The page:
The tears poured down Rashan Gary’s face like the rain on Broadway as his dream became reality in Nashville at the NFL Draft.
The Green Bay Packers acquired the defensive menace from Michigan with the 12th pick late on Thursday in a captivating first round, but that was merely one of a number of extremes in a sporting event like no other.
Following validation after years of graft, Gary had barely stopped blubbing when Christian Wilkins stormed the stage, gleefully greeting infamous commissioner Roger Goodell after being summoned by the Miami Dolphins with the 13th pick. The immense Clemson tackle bounced into Goodell hoping for a playful shoulder bump, but instead nearly bowled over the 60-year-old in a manner he will hope to replicate on a regular basis on the field come September. It sparked laughter and likely a stern warning from his new boss, who did well to conceal the undeniable pain.
The first round of the draft beautifully framed an abundance of characters and wide-ranging emotions while showcasing an eclectic mix of players of all shapes and sizes with varying skill levels.
The NFL has become an increasingly compelling product in recent years that seems to be getting faster, so it was appropriate that one of the most unique athletes in the world, Kyler Murray, went first overall. The Arizona Cardinals were the beneficiaries of the mercurial Oklahoma quarterback shunning the advances of a prosperous career in MLB with the Oakland Athletics, whose exorbitant ninth pick investment in 2018 has now disappeared in a puff of smoke.
Pulses are already racing at the prospect of Murray flourishing in a similar vein to the reigning MVP and mind-boggling passer Patrick Mahomes. Blink and you will miss the 21-year-old dual-threat signal caller, who aims to revolutionise a league that frowns on those who dare to venture from the norm.
Yet alongside the prospect of the extraordinary next season, there is dysfunction and disaster in equal measure in the league: an element to sport that now tends to provide an equal dose of satisfaction to those watching.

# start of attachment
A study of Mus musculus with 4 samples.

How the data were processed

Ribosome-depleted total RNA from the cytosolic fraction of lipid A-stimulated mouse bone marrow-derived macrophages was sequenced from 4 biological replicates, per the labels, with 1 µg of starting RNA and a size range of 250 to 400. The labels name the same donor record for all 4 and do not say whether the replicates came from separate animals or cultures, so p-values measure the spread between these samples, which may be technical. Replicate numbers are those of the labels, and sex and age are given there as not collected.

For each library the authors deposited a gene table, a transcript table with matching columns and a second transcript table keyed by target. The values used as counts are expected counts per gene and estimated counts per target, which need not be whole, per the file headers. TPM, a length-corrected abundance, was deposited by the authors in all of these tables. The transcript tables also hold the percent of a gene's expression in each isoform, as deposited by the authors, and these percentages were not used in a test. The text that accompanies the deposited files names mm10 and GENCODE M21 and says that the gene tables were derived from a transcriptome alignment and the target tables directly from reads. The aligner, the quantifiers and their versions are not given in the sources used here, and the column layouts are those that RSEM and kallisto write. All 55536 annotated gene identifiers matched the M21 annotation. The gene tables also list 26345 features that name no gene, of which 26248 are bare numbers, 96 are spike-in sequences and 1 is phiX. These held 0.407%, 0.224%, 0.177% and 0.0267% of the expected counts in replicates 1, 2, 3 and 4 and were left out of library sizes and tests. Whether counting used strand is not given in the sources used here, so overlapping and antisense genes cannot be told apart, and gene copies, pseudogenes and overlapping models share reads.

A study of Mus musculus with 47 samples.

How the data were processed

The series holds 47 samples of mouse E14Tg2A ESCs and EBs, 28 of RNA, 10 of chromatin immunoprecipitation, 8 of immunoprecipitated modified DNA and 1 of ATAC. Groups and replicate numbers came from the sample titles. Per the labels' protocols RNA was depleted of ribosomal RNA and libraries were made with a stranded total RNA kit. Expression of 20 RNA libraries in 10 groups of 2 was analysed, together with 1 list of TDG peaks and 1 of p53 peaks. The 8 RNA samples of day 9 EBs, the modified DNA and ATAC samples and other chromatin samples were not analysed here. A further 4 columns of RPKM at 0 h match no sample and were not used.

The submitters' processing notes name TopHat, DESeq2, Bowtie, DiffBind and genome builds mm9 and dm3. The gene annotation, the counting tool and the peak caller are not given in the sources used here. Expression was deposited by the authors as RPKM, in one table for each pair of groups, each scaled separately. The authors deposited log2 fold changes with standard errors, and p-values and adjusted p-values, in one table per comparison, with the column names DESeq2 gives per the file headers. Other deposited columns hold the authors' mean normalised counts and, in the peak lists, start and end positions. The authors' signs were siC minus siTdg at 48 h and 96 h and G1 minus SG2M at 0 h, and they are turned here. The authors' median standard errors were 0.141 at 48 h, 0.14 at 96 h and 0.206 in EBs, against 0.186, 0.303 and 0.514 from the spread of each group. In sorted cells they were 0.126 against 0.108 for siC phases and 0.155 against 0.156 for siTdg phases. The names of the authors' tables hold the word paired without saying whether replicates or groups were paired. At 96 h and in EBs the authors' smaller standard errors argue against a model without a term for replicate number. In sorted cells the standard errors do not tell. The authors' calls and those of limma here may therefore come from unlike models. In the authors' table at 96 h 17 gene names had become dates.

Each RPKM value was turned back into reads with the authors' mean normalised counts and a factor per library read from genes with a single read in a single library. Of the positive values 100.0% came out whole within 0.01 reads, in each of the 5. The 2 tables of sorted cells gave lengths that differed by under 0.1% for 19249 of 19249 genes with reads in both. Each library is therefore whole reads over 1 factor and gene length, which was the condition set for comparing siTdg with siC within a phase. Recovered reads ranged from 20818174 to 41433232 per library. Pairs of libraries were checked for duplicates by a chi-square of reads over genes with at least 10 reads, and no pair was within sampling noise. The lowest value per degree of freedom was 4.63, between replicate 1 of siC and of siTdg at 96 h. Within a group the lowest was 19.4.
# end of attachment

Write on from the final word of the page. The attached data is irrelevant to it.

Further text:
The New York Giants, especially, have been ridiculed for their ineptitude and mismanagement in recent years and left the majority of the 200,000 in attendance stunned with their first pick. Gasps reverberated around the media tent when Daniel Jones, quarterback from Duke, was selected at a lofty No 6 to be the heir to a fading Eli Manning. His fellow draftee and soon-to-be NFC East rival Dwayne Haskins, who would later go to the Washington Redskins at 15, was even caught smirking after discovering the pick.
Another crucial element to the draft comes in the form of strategy. While some baffle those watching, such as the Cardinals’ attempt at suspense to take the entire 10 minutes permitted before picking Murray to kick things off, despite likely knowing their pick for weeks. A more intriguing aspect came in the form of six trades on the opening night. The Ravens striking a deal with the Philadelphia Eagles was especially noteworthy after it eventually saw Baltimore take Marquise Brown and therefore developing a narrative for the coming years. ‘Hollywood’ was the flashy sidekick to Murray at Oklahoma and is the cousin of superstar receiver Antonio Brown, whose histrionics to force a trade to Oakland have dominated the offseason. With his cousin now a villain in Pittsburgh, Marquise now bids to ensure a Brown hurts the Steelers' chances of success on the field.
So while most sports hibernate during the offseason, the NFL instead thrives, hyping up what is to come and capturing the imagination of millions of fans who remain engaged throughout the year despite the season lasting just five months.
It would be natural to assume attention would now turn to September 6, yet some remain so engrossed by this pathway to the league, next week will merely mark the countdown to next year.